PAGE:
At least one Richmond taxi cab company is warning that the provincial government’s pending deal to add Uber to the Lower Mainland’s taxi options this December could erode services for local customers.
Hafiz Khan, general manager at Garden City Cabs told the News on Monday that provisions in the agreement bringing the long-awaited smartphone-based, rideshare system into service could also call for the removal of municipal boundaries.
That means taxis from outlying suburbs, including Richmond, may be able pick up passengers in perceived, richer passenger markets, such as Downtown Vancouver.
“A lot of the local drivers could head into Vancouver where they think the money is flying,” said Khan, whose company operates 36 cabs. “And that may leave local customers here waiting longer for a cab.”
Khan added any deal to bring Uber into service should be mindful of erasing city boundaries. “The (Transportation) Ministry wants feedback from the taxi associations and that is one aspect they need to address.”
So, too, is the level of service taxi customers receive. Khan contends those drivers who work for recognized taxi companies and have acquired a Class 4 driver’s licence — which allows them to drive a vehicle with as many as 14 passengers — and have successfully completed the TaxiHost Pro program, can offer more than their Uber counterparts.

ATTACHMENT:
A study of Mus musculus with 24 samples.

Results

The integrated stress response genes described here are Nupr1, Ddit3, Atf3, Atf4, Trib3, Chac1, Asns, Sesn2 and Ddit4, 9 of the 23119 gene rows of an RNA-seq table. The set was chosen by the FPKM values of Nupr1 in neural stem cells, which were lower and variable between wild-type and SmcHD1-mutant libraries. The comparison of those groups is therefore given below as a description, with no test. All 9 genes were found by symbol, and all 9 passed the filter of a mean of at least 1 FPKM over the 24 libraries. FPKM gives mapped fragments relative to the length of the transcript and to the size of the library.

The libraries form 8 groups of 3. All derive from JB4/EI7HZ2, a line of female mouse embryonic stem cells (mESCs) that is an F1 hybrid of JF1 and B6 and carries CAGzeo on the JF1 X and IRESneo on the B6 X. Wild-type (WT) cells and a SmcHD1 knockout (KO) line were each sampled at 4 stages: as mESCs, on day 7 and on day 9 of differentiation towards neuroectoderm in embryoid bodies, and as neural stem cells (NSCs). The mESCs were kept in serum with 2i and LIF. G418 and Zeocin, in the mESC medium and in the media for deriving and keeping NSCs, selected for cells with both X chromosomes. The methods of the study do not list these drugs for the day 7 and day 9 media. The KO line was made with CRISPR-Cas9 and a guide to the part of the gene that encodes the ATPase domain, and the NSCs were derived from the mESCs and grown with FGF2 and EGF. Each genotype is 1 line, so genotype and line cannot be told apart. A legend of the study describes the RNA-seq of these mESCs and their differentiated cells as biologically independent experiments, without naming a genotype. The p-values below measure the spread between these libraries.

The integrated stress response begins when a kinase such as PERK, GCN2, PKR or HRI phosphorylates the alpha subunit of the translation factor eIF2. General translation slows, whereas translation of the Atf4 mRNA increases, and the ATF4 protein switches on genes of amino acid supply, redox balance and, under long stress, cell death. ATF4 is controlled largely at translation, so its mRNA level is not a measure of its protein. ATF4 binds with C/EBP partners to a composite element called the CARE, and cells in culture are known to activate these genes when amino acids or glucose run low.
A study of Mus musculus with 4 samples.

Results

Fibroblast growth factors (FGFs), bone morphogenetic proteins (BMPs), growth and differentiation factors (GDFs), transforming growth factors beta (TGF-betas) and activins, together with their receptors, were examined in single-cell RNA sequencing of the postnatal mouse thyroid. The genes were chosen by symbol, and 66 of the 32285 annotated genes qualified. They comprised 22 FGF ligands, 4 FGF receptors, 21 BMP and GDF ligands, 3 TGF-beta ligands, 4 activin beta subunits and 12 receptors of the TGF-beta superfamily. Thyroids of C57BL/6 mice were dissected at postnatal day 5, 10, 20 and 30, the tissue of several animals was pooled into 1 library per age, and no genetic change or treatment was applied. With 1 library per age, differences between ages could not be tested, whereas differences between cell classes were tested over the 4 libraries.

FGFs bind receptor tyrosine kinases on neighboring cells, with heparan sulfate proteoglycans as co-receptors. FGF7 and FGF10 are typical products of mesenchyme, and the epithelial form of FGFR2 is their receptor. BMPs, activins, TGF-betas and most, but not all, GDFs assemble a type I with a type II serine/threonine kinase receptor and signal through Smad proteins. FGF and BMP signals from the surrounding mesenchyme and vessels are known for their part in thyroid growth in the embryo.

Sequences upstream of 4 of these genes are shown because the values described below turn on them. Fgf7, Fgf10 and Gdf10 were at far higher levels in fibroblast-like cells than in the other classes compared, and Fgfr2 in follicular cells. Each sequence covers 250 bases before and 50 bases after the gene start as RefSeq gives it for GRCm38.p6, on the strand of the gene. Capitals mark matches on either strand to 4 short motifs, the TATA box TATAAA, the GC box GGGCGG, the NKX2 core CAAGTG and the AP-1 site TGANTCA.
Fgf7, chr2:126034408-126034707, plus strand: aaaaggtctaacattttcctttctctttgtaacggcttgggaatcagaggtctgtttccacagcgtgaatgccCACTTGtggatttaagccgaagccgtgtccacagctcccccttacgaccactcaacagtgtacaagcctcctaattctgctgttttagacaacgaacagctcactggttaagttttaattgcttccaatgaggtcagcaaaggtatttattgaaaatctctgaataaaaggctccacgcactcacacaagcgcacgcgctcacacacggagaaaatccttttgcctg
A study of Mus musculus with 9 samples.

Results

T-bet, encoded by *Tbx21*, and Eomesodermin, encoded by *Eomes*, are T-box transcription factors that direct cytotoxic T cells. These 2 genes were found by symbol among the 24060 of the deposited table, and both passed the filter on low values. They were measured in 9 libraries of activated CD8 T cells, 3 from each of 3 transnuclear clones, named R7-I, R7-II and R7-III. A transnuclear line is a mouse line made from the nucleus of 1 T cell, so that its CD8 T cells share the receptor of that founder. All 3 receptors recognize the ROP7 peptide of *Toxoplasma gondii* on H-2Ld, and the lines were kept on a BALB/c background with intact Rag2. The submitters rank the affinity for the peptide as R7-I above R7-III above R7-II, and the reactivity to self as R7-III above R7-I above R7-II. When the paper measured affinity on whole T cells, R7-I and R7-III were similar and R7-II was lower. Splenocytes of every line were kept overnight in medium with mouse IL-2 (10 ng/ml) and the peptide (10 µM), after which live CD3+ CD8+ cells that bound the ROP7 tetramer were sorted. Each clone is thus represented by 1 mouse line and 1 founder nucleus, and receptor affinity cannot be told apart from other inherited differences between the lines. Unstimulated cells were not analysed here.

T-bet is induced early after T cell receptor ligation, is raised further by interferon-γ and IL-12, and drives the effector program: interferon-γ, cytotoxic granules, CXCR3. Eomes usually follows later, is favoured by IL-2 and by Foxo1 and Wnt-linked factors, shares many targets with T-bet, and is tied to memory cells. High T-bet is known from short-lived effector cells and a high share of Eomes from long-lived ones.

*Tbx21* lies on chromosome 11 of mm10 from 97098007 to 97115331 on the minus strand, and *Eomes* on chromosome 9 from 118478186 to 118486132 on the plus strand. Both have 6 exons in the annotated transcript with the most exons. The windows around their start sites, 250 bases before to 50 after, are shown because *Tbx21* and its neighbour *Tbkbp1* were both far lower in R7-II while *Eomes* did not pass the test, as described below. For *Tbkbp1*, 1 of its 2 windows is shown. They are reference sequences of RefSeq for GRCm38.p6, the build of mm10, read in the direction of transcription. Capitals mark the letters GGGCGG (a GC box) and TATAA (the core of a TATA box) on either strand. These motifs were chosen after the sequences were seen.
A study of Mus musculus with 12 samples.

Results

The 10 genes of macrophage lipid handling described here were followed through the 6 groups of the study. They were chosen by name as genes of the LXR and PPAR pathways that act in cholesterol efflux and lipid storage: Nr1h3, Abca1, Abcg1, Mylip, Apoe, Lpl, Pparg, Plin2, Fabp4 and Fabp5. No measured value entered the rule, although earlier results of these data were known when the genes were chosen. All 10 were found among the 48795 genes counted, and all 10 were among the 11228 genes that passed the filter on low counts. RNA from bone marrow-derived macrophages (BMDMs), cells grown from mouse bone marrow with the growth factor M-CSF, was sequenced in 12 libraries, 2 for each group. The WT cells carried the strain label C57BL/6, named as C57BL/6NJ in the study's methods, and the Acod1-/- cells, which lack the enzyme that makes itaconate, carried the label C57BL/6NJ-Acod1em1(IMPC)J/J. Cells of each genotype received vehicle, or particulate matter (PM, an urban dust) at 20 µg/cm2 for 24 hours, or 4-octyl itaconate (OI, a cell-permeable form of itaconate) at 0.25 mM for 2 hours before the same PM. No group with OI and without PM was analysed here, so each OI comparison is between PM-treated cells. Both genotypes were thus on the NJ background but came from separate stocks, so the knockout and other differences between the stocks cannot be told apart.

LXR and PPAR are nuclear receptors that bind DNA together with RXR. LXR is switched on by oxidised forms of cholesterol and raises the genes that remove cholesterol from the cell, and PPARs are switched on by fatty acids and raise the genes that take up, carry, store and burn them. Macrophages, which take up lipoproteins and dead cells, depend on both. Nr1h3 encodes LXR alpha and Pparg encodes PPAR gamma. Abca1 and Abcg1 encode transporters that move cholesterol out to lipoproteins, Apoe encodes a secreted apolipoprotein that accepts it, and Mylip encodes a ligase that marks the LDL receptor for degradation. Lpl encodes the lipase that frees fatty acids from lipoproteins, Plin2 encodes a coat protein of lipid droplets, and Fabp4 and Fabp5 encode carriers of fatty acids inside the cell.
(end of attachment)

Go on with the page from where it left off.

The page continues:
Offered by the Justice Institute of BC, those enrolling in the program must take a basic geography test of the Lower Mainland area and demonstrate they have basic English language capabilities — both written and spoken.
Khan said it’s necessary to have the TaxiHost Pro certificate to work with a taxi firm.
“What will Uber drivers be required to have? Some of them may be 19-year-old kids with a nice car borrowed from their parents who will go out there and drive for the night,” Khan said. “They won’t have the type of training our drivers have.”
Plus, they will have bypassed the $550 for the TaxiHost Pro course.
“That’s a lot of money for someone to invest in their training, which is important to provide customers with a decent level of service,” Khan said.
On the question of language proficiency, Khan said gone are the days when many local cab drivers struggled with English.
“We now have so many lawyers and doctors, educated people, who have come here from Third World countries who speak English well,” Khan said. “That’s not such an issue today.”
Tourism Richmond’s incoming CEO, Bruce Okabe, said new sharing economy services, such as Uber and Airbnb, are good for the tourism industry. But he countered that with a call for the competition, between established operators and emerging services, be equal.
“Certainly, giving people the ability to get here easily and get around easily is a good thing,” Okabe said. “But we have be very cognizant of making sure that the playing field is level and organizations that are going to be impacted have the ability to compete.”